What Can We Steal From Joyce Carol Oates’s “ID”?

Title of Work and its Form: “ID,” short story
Author: Joyce Carol Oates (on Twitter @JoyceCarolOates)
Date of Work: 2010
Where the Work Can Be Found: The story made its debut in the March 29, 2010 issue of The New Yorker.  The kind folks at that publication have been kind enough to offer the story online for your enjoyment.  “ID” was subsequently chosen for Best American 2011 and can be found in that anthology.

Bonuses:  Here is what blogger Karen Carlson thought of the story.  Here is a cool review and discussion of the story over at Perpetual FollyHere is a Wall Street Journal article about Ms. Oates and the touching way in which she dealt with losing her husband, one of the thousand natural shocks that flesh is heir to.

Element of Craft We’re Stealing: Perspective

Discussion:
You, kind reader, are witness to one of the worst days of Lisette Mulvey’s life.  Thirteen-year-old Lisette had half of a beer before school; these things are easier when you have an absentee father and your mother often takes off for long stretches.  The story chronicles a few hours in Lisette’s bad day, but Ms. Oates intertwines flashbacks and exposition with the dramatic present.  We learn about Lisette’s crush on a boy and her mother’s poor behavior.  Lysette’s mother works in the casinos of Atlantic City and seems to fit in with the seedier part of the AC culture.  The officers (one male and one female) show Lisette a body in the morgue; the young woman doesn’t ID the body as her mother.  The female officer tells her it’s all right; there are other ways to identify the woman who was found in a drainage ditch.  The officers bring her to school, where Lisette tries to fall back into the comfort of her friends.

Ms. Oates is indisputably one of our American literary lionesses and has been at the top of her game for quite some time, with no end in sight.  What is one of the million things that I love about her writing, and this story in particular?  Ms. Oates produces work that is both of its time and timeless at the same time.  In a way, she is like Alfred Hitchcock.  No matter that Hitch was working with people from a different generation; he always produced films that felt immediate and spoke to anyone who saw them.  Ms. Oates is the same way.  You can tell that Ms. Oates has boundless curiosity because she knows how it feels to go to high school in 2010.  She understands how a thirteen-year-old girl in 2010 feels about herself and her friends.  As I get older and slightly wiser, I realize that I’m losing a little bit of this kind of knowledge.  I haven’t gone trick-or-treating in more than twenty years.  Could I really remember what it feels like?  How to say this…romance has been a stranger for a while.  Could I really depict young love with any fidelity?  Ms. Oates would have no problem with these situations and emotions because of her deep understanding of humanity.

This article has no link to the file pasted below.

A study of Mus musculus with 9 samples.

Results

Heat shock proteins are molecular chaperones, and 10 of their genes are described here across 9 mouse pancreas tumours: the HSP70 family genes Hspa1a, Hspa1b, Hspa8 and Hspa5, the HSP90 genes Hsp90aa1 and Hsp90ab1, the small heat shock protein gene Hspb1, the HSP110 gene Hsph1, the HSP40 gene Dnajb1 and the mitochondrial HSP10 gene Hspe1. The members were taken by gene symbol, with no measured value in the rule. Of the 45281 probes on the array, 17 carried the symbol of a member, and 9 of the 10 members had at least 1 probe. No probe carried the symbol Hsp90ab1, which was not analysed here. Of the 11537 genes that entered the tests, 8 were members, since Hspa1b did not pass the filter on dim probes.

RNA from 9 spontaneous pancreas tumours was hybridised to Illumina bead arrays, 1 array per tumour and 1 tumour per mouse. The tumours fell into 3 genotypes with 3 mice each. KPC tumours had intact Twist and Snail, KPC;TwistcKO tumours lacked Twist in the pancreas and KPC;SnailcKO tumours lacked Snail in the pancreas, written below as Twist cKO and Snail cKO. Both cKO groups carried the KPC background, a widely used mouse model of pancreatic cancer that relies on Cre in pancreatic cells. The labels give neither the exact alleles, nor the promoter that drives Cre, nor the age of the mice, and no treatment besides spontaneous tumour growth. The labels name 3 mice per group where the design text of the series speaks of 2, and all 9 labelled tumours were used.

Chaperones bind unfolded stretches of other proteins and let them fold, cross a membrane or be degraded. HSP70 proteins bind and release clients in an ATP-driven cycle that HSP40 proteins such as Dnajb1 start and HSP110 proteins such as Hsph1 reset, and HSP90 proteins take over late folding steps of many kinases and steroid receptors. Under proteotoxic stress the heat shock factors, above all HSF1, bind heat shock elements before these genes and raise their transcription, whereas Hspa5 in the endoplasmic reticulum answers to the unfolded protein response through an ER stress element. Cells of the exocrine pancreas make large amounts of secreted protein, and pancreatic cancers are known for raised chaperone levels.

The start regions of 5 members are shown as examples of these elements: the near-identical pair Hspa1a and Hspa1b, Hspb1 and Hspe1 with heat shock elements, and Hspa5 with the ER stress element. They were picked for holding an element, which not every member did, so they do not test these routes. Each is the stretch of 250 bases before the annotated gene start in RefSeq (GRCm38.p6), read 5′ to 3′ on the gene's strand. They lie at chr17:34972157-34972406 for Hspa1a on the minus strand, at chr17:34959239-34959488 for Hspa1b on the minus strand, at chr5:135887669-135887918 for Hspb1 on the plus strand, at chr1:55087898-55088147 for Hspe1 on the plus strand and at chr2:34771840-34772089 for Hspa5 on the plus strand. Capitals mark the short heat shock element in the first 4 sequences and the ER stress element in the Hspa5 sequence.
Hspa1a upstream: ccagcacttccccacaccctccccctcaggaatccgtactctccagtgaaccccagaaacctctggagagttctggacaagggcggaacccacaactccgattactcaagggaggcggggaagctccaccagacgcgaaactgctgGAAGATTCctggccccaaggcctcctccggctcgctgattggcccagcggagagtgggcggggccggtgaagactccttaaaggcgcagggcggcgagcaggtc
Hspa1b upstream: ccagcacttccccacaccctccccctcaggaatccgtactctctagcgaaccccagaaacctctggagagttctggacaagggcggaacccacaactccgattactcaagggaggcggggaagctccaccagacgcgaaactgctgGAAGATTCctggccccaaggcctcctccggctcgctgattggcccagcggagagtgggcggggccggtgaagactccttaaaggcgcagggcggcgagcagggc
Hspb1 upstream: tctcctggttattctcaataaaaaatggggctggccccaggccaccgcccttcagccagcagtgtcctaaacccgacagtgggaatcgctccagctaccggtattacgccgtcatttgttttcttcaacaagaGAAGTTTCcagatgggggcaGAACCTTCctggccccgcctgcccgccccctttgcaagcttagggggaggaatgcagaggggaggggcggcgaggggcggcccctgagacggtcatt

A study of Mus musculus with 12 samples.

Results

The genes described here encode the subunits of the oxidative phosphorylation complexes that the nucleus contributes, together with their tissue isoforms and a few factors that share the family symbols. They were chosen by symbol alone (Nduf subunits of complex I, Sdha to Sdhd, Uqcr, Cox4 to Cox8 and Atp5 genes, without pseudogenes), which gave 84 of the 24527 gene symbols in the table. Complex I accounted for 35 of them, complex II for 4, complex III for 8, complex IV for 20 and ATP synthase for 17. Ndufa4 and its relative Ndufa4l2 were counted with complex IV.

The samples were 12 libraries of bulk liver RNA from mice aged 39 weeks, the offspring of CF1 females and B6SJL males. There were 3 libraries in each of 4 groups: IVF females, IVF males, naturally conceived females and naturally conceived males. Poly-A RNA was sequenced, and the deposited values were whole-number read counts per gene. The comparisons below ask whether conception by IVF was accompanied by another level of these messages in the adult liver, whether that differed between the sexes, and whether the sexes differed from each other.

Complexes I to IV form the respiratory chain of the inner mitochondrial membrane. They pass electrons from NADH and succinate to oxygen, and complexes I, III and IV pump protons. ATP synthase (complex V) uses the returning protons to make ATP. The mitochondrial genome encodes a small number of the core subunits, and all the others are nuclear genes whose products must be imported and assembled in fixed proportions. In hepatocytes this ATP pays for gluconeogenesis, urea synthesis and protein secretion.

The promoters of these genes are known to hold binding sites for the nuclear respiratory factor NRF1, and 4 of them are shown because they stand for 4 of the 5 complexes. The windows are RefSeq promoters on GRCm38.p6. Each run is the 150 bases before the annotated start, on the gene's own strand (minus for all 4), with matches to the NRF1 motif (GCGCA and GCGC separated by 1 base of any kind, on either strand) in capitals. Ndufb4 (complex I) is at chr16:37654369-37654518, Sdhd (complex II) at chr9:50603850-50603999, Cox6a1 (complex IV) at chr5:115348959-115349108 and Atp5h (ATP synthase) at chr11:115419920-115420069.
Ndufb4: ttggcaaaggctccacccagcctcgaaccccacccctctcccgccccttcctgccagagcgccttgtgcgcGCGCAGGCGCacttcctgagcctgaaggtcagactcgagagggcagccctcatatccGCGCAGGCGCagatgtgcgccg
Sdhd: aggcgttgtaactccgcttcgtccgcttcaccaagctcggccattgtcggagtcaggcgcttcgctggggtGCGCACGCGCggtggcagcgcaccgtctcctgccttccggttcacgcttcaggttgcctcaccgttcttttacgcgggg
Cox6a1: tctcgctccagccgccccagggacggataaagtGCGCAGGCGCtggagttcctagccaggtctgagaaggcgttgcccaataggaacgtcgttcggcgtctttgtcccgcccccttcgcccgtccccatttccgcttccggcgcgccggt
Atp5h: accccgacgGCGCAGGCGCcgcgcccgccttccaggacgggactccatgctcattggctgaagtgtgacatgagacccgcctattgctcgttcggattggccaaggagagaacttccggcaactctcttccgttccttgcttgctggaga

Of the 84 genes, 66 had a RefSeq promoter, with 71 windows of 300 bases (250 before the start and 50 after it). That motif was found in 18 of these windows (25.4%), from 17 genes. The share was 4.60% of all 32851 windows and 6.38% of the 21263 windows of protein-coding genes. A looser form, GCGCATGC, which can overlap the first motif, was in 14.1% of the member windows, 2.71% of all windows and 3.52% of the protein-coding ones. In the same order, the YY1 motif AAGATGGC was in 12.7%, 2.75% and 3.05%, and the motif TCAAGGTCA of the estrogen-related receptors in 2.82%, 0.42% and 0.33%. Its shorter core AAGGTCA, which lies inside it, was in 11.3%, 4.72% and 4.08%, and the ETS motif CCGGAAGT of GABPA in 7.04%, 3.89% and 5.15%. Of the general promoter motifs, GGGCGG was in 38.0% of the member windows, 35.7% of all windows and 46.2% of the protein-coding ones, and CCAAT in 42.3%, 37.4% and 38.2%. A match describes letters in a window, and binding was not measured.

We’ve all heard that we should “write what we know.”  Yes, that is good advice, but if we followed that advice with too much dedication, we would have no science fiction or horror or stories in which the nerdy guy gets the cheerleader.  Ms. Oates points out in her author’s note that “ID” was inspired by the untimely death of her husband.  A funeral director asked Ms. Oates to identify her husband’s body—she didn’t want to see it again.  To my knowledge, Ms. Oates does not have first-hand experience of being a thirteen-year-old young woman tasked with identifying her dead mother.  She does, however, KNOW what it is like to face the stark reality that the person you love is dead and to see their body in the morgue.  We’re all human, right?  It is more important to understand the emotional experiences that you are chronicling than to have first-hand experience on the topic.  (Especially if you’re writing fiction, of course.)

When I was in high school, I wrote a lot of “high school” stories; I believe that’s perfectly natural.  I certainly see a lot of “dorm stories” when my students turn in their work.  (This tendency is perfectly natural, too.)   We must remember that we have the license to write about anything we like.  What fun would it be if we only write about people who are just like us who live lives just like ours?  Boring!

Ms. Oates had a bit of a challenge in the story because she needed to get a lot of exposition into a story that is pretty much in real-time.  As I pointed out, the exposition is woven in with the material that is in the dramatic present.  Why aren’t these sections a bit of a roadblock?  Why don’t they cause the reader’s attention to flag?  Ms. Oates builds a ton of suspense into the story.

  • Why do “they” want to see Lisette’s ID?
  • “Some older guys had got her high on beer, for a joke.”  Will Lisette’s drunkenness get her in trouble or complicate things?
  • How will J.C. respond to the note that Lisette sent him?  Will he break her heart?
  • Mom doesn’t seem to be a very upstanding citizen.  Complications?
  • Uh oh.  Two police officers want to see Lisette.
  • Will the body turn out to be that of Lisette’s mother?

One reason the story is so very compelling is that the emotional and narrative foundation of the story is sprinkled in with grace and in such a way that Ms. Oates creates mysteries to which we want the answers!  These “roadblocks” speed the reader along instead of holding them back.

What Should We Steal?

  • Devote yourself to observing and trying to understand humanity.  One of a writer’s primary duties is to reproduce the human experience on the page with as much fidelity as possible.
  • Write what you know…within limits.  If we followed this advice to the letter, we wouldn’t have any science fiction.
  • Introduce “mysteries” into your work to make exposition all the more compelling.  Your stories should introduce meaningful dilemmas anyway; use them to make your exposition even more of a treat to the reader.